Who will win casino licenses in Japan?

Japanese Contenders

The rules haven’t been written yet, but the race to win a Japanese casino license has begun.

In the past month:

  • Las Vegas Sands CEO Sheldon Adelson made headlines by saying he could invest $10 billion into a Japanese casino.
  • MGM Resorts CEO Jim Murren likewise said he could invest $10 billion. MGM is also increasing its staff in Japan to 15 people within 30 days.
  • Melco Crown released conceptual pictures of what its casino might look like.
  • Genting Singapore expressed interest, suggesting it is the Genting subsidiary that will carry the ball in Japan.
  • Hard Rock International CEO Jim Allen said he already has a list of up to 30 prospective Japanese partners ranging from manufacturers to financial firms to landowners. Hard Rock expects it would own 40-60 percent of the project.

The prize, as everybody knows by now, is a casino market estimated at up to $40 billion in gaming revenues.

What is not known are the important components of enabling legislation to be enacted later this year: How many casinos? Where? Tax rate? How much and what kind of local ownership will be required?

For years, casino companies have talked about maybe just two or three destination resorts in the biggest cities, like Tokyo and Osaka. That would be fine for the big operators, allowing them to have a Singapore-like oligarchy.

But the political reality in Japan is that smaller metropolitan areas will argue that they should get a piece of the pie, especially if the intention is economic development. Their rationale is that prosperous Tokyo and Osaka don’t need the help, but the declining regional metros do.

Local participation is a given. The question will be in what form. Will Japan require local companies as equity partners? Will they require Japanese investors to be 50 percent or even majority owners? Will they settle for a Macau model where parent companies create publicly traded subsidiaries?

Until the rules are written, it is too early to handicap the winners, but when they are written, we might get some insight as to the favorites. For example, if Japan adopts the Singapore approach, that could be seen as favoring Las Vegas Sands, which has lobbied for that model.

Here’s what we know, or think we can infer, so far:

  • Las Vegas Sands is being discussed by U.S. analysts as the front-runner. We’re not so sure about that. A strong-willed entrepreneurial leader like Adelson might not fit well into the cooperative, even insular, Japanese corporate culture. And if there is a requirement for 50 percent or majority Japanese ownership, he might not want to try.

However, there is no question that Las Vegas Sands is the master of the convention, shopping, tourist-driven integrated resort, and has to be considered a favorite.

  • Wynn is also discussed in the U.S. as a strong candidate, and certainly the exquisite resorts developed by Steve Wynn would have a powerful appeal. However, to date, Wynn has not developed a resort with as broad a business model as Las Vegas Sands.
  • MGM Resorts is often mentioned after LVS and WYNN. But MGM might be the best positioned of all.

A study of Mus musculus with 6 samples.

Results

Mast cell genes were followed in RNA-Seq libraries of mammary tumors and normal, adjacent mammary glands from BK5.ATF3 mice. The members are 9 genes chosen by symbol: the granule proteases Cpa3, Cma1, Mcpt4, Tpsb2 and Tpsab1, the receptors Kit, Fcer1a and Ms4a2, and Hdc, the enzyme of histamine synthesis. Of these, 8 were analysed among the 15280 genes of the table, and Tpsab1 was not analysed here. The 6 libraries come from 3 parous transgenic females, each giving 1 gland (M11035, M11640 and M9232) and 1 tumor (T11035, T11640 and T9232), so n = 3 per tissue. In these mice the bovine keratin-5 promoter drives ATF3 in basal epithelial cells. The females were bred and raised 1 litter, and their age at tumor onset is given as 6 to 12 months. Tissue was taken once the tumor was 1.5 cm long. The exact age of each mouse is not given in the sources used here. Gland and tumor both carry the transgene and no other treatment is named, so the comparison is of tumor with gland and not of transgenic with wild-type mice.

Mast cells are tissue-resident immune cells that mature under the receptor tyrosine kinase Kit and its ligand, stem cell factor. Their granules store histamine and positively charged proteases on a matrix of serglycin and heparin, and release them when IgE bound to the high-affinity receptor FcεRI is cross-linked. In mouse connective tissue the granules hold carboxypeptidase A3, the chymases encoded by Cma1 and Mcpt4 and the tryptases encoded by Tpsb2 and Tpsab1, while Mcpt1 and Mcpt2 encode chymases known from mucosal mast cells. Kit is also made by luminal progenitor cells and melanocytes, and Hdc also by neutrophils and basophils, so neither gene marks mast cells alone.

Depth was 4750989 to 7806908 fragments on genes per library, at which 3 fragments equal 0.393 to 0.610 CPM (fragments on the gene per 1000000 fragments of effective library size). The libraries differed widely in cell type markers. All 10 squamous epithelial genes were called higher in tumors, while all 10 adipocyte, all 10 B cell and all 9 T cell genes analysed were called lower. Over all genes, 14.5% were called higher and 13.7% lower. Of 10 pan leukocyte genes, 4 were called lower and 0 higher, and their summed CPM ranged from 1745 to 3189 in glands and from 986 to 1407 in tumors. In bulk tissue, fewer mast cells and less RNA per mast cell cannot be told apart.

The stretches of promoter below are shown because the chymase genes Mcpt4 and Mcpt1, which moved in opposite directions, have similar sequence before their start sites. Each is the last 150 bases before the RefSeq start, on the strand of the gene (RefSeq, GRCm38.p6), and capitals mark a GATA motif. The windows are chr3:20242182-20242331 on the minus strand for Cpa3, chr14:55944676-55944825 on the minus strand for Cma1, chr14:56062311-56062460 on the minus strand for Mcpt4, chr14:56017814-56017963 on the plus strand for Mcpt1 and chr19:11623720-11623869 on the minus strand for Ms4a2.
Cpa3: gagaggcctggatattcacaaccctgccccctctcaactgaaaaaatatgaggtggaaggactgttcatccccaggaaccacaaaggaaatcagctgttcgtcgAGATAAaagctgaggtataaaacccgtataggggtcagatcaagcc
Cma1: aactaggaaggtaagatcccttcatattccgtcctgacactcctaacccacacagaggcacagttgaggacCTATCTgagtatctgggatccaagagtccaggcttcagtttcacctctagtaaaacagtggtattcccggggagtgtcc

Murren would be a more collegial American partner. The company has experience with joint ventures, and MGM offers the same broad business model as Las Vegas Sands.

And then there is the power of the MGM brand, based not on the casino company, but on the movie studio, which provided much of the post-World War II entertainment for Japanese citizens.

  • Boyd Gaming. If you want a dark horse, Boyd could be it. As mentioned, there will be strong political pressure to allow one or more regional casinos in secondary metropolitan areas, which could fit right into Boyd’s wheelhouse.
  • Hard Rock International, like MGM, has an internationally known brand.
  • Melco Crown. Genting Singapore. SJM. Galaxy Entertainment. There is some thought that Japan might want some Asian involvement. However, it is worth noting that Japan is its own culture, not necessarily Asian, just like another island nation, Britain, isn’t quite European.

There is also some belief that Japan might see itself as a competitor to Macau and might not be enthusiastic about awarding licenses to strictly Macau operators.

Given those considerations, Genting might be the favorite from Asia as it has the financial heft and, like LVS and MGM, the broad integrated resort experience.

  • Others. Once the rules are written, a number of other companies could dive in. Caesars Entertainment, Tokyo-listed Universal Entertainment, NagaCorp, Crown and Star out of Australia—even Penn National and Red Rock if regional casinos are approved. Or one of the big Hong Kong-based real estate developers. Philippine developer Ricky Razon.
  • Japanese partners. It is likely that everyone from Konami to Universal Entertainment to Sega Sammy to pachinko operators to industrial conglomerates will want in on the action.

Konami is already actively pursuing interest. Sega Sammy is already getting into the casino side of the business with Korean partner Paradise Gaming in a project near Seoul. Universal CEO Kazuo Okada will have casino experience with his new self-named casino property in Manila, though he might be too controversial for the Japanese to risk one of a very small number of licenses.

So, lots of players and lots of possibilities. For now, we’d say LVS and MGM are well positioned and that WYNN and Genting Singapore have also checked off all the boxes, to use the currently popular phrase.